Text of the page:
Boy, did I hear stuff that I needed to hear in the General Conference broadcasts yesterday! Mostly stuff that comforted me in my challenges (because Heaven is all about comforting the afflicted) as well as challenging me to do better in various areas (because Heaven is also all about afflicting the comfortable, and there are areas of my life in which I am altogether too comfortable).
I had been musing, earlier in the week, about how to divvy up the raise that is coming. The Lord gets His cut, right off the top, of course. And I was wondering if I should increase my contributions to the two non-LDS charities I support (not at the present, as it turns out) or find additional places for my discretionary income to go (bingo!)
Bishop has counseled me that my primary donations should be for tithing (check!) and a fast offering (check!) until I am out of debt. And that makes sense to both my head and my check register. My heart, however, continues to argue quite convincingly that if I want to be generous when I am solvent, I had better start practicing it now. So I’ve chosen two reputable private charities that support my ideals, and they get a small donation every month, which I’ve automated to remove the question can I afford it this month? from the discussion entirely.
Beginning with the big paycheck later this month, I will start making modest but regular contributions to the church’s Humanitarian Fund and to the Perpetual Education Fund. As my last big debt dwindles down, I can increase the size of those contributions. And, of course, if Brother Right shows up with a paid-for house and an oil well on the back 40, then I can toss in my half of the utilities, get out of debt that much sooner, and fund what I laughingly call my retirement.
That’s the plan, anyway. And my heart feels good about it.
Fourthborn’s Fiancé raised an interesting issue recently. As I understand it, he would like to see all the money we are currently exporting in the form of foreign aid, used here to take care of our own sick and afflicted. This is something that I struggle with.
I have been poor, in U.S. terms, nearly all of my adult life. Some of this is due to my own poor choices, and some of it is due to the poor choices of others, and some of it just is.
We bought a house in 1981 at the height of the interest rate feeding frenzy; our cheap mortgage was 14.25%, and our second mortgage was 20.36%. When we sold the house to friends, to avert foreclosure, they assumed the first mortgage (the second was paid off by then) and gave us the nominal amount of cash we asked for.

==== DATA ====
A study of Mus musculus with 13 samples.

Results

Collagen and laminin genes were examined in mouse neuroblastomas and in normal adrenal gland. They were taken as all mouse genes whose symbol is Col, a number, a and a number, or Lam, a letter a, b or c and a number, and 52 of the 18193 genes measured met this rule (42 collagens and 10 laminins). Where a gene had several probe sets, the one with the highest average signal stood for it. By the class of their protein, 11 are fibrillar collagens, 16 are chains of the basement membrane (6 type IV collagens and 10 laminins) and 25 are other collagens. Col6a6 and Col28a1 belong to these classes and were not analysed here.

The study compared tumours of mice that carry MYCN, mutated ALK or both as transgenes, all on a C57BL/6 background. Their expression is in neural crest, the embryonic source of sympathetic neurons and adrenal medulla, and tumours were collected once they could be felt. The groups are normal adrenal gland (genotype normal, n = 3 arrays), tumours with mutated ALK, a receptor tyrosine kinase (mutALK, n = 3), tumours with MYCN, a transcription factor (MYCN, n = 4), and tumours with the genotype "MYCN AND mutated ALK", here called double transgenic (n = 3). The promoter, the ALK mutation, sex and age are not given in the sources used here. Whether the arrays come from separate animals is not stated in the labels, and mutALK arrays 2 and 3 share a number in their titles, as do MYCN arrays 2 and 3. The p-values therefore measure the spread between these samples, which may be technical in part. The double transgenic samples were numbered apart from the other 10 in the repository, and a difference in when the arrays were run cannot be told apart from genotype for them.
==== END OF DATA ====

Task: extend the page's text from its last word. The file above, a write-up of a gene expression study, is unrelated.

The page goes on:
We lost 97% of our investment. [That is not counting the $100K we had paid over ten years on the second mortgage.] Am I bitter? No, I am grateful to the friends who saved our financial hides at a difficult and scary time. We lived for several weeks on that money; I hold those friends in the highest esteem.
So I have very tender feelings for friends and acquaintances (and children) who are just barely scraping by. And I struggle to know how much to help, what sort of help would be truly useful, and what might be enabling. I know a very good woman who has given and given and given until she has depleted all her assets. Only she and the Lord know if her choices have been the best ones.
On the one hand, I think it is unconscionable that so many people cannot afford decent medical care. On the other hand, I know enough about the underwriting process to know that premiums must be based upon the risks to be covered. So if you have good health, or work for a large company (as I do), you can have good medical coverage and still pay the rent. If you are self-employed, the risk pool is smaller, and the premiums are necessarily higher. If you are underemployed, you pay relatively high premiums for relatively little coverage, or you have no coverage at all. And woe be unto you if you have chronic health problems. Which frequently arise because you cannot afford preventative care.
And it is only by the grace of Heaven, and the generosity of friends, that we were not homeless for a time. So I have some tender feelings in that area as well. With the new raise, I am now making approximately twice what I was earning in 1999. Hard work and persistence are part of the equation, but the larger part is truly the grace of Heaven. As Alan Jackson sings in “Small Town Southern Man” (which always reminds me of Dad, though he was neither small-town nor Southern), I’m blessed, and I know I am. On paper, with my 401K’s, I am officially in the black. But in two-week increments, I struggle to judge between wants and needs, I still rob Peter to pay Paul, and I do far better some months than others. Nevertheless, inch by inch I am edging toward a debt-free life, and when I get there, I want my hands to be open and ready to give.
Here are some other thoughts on this subject, and others:
1. Michael Otterson, who is head of Public Affairs for the church.
2. William J. Monahan, on our petty personal rebellions.
3. Maurine Proctor, on self-talk, which is generally not an issue with me. My running monologue is usually about the creative process: wonder what would happen if I tried this?
This is for Dad (and Mom) who gave me the foundation for my life. Thirty-five years in the church has turned out to be the world’s longest finishing school.
- Five years into widowhood, after one year of incredible happiness and nearly 14 years of single blessedness. Have given up perfect manicures and pretty hands in order to resume playing the soprano recorder and to see if I can figure out how to play bluegrass banjo. Singing in the shower. Still really, *really* love to knit!